Many of the people who came to Mass Mob Philly from all over the Archdiocese of Philadelphia on Sunday, March 23 to St. Francis Xavier Church, the Oratory, were in for a pleasant surprise.

They just don’t build churches as grand as St. Francis anymore. Located in the Fairmount section of the city in the shadow of the Philadelphia Museum of Art, it is itself a work of art.

(See a photo gallery of the Mass here.)

The problem is, it is an area that was once teeming with Catholics, most of whom have long since moved away. On a typical weekend St. Francis sees slightly less than 400 worshipers spread out over four Masses. For this special Mass, by actual count, there were 680 people in the pews.

Mass Mob, a kind of “flash mob” where people plan to gather in large numbers at a predetermined time and place, was organized mostly through social media by parishioner Ben DiFrancesco, but he didn’t invent the wheel. Based on the fun concept of the flash mob, the Catholic variation was first tried in Buffalo, N.Y., as a way to encourage mostly younger Catholics to come to a special Mass that shows the church is alive and well, and filled with joy.

“You only get churches like this in the city. It is good to worship in a beautiful place.” — Emily Malloy.

“Specifically we’re looking at city churches – bigger, older, beautiful buildings that specifically due to shifting demographics, may not have high attendance or may not fill their buildings every week,” he wrote in the website he created to promote the Mass, adding it was “just to unite people to enjoy Mass together at one of these churches.”

St. Francis Xavier was almost tailor-made for the program. Although there are fewer Catholics in the area than in previous generations, new arrivals tend to be young professionals. Since 1990 the priests who staff the parish have been members of the Congregation of the Oratory of St. Philip Neri, who have made ministry to young adults a special focus.

One third of the parish is the older generation, one third is young adults and one third is young married, couples, estimated Father Philip Bochanski, who celebrated the Mass.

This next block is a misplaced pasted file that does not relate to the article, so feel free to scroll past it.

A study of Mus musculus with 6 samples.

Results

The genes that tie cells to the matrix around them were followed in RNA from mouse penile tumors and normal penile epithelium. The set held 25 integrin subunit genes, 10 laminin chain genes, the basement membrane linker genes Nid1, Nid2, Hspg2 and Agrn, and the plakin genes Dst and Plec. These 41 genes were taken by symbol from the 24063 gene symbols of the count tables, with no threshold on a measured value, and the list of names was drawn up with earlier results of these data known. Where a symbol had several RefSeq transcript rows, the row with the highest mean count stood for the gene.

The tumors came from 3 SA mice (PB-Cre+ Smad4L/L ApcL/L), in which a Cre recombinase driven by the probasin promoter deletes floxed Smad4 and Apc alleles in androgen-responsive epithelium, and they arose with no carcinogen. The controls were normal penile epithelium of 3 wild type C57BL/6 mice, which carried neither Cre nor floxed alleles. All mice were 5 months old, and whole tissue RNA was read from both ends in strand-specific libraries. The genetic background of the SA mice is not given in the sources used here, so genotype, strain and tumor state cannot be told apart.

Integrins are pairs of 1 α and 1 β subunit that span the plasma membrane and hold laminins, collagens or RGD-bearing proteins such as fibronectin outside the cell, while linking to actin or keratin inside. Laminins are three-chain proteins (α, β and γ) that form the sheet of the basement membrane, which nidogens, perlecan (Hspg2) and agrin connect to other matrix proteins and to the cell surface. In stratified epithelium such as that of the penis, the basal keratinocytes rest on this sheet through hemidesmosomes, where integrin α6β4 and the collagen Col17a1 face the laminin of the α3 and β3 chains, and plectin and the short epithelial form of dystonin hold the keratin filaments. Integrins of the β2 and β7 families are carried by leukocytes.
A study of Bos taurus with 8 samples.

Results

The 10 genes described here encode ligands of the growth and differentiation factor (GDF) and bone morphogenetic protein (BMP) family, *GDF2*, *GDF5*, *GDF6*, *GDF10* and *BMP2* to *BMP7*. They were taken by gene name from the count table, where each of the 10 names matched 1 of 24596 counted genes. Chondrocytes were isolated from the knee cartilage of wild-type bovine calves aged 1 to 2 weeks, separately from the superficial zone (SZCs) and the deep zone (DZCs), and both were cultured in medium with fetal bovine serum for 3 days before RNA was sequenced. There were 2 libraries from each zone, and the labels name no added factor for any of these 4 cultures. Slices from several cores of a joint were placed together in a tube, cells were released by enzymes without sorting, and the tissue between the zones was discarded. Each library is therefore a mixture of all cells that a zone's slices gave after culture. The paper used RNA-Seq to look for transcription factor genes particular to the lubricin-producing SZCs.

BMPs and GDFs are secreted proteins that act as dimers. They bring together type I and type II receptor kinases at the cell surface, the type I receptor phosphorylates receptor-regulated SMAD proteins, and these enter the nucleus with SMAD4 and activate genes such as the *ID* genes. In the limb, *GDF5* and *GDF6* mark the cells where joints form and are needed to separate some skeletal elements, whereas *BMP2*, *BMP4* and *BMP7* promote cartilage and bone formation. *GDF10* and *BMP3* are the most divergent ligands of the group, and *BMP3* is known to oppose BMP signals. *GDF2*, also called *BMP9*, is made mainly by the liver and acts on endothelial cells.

“I was so excited to see everyone in there,” he said. “It was a response to that basic human reality, people like to be with other people, they support one another and pray with one another. This gave energy to the congregation that was wonderful for me to see as a priest.”

It was Father Bochanski’s hope that some of those who came for the Mass Mob will return on future weeks.

“But whether they are here or in another parish, they will be taking the seed of God’s word and spreading it,” he said.

“There is one universal Church and it was a universal Mass, what a beautiful thing to have,” commented Terry Leichner, who came all the way from St. Mary Parish in Schwenksville, Montgomery County, for the Mass.

Mike Rafferty, a Philadelphia police sergeant, came up from St. Gabriel Parish in South Philadelphia, where he would like to see the next Mass Mob. But he is no stranger to the Oratory.

“I go to it,” he said. “There are a lot of kids and young adults here. The preaching is solid and it is a growing parish. The priests are all great and I get inspiration from them.”

Tim and Emily Malloy and their baby Gerard are parishioners, but “newbies,” Tim said. He is from Delaware County and she is from Chester County.

“It’s a beautiful church; you only get churches like this in the city,” Emily said. “It is good to worship in a beautiful place.”

For Emily, it is a homecoming of sorts. “My great-grandmother was married here,” she said.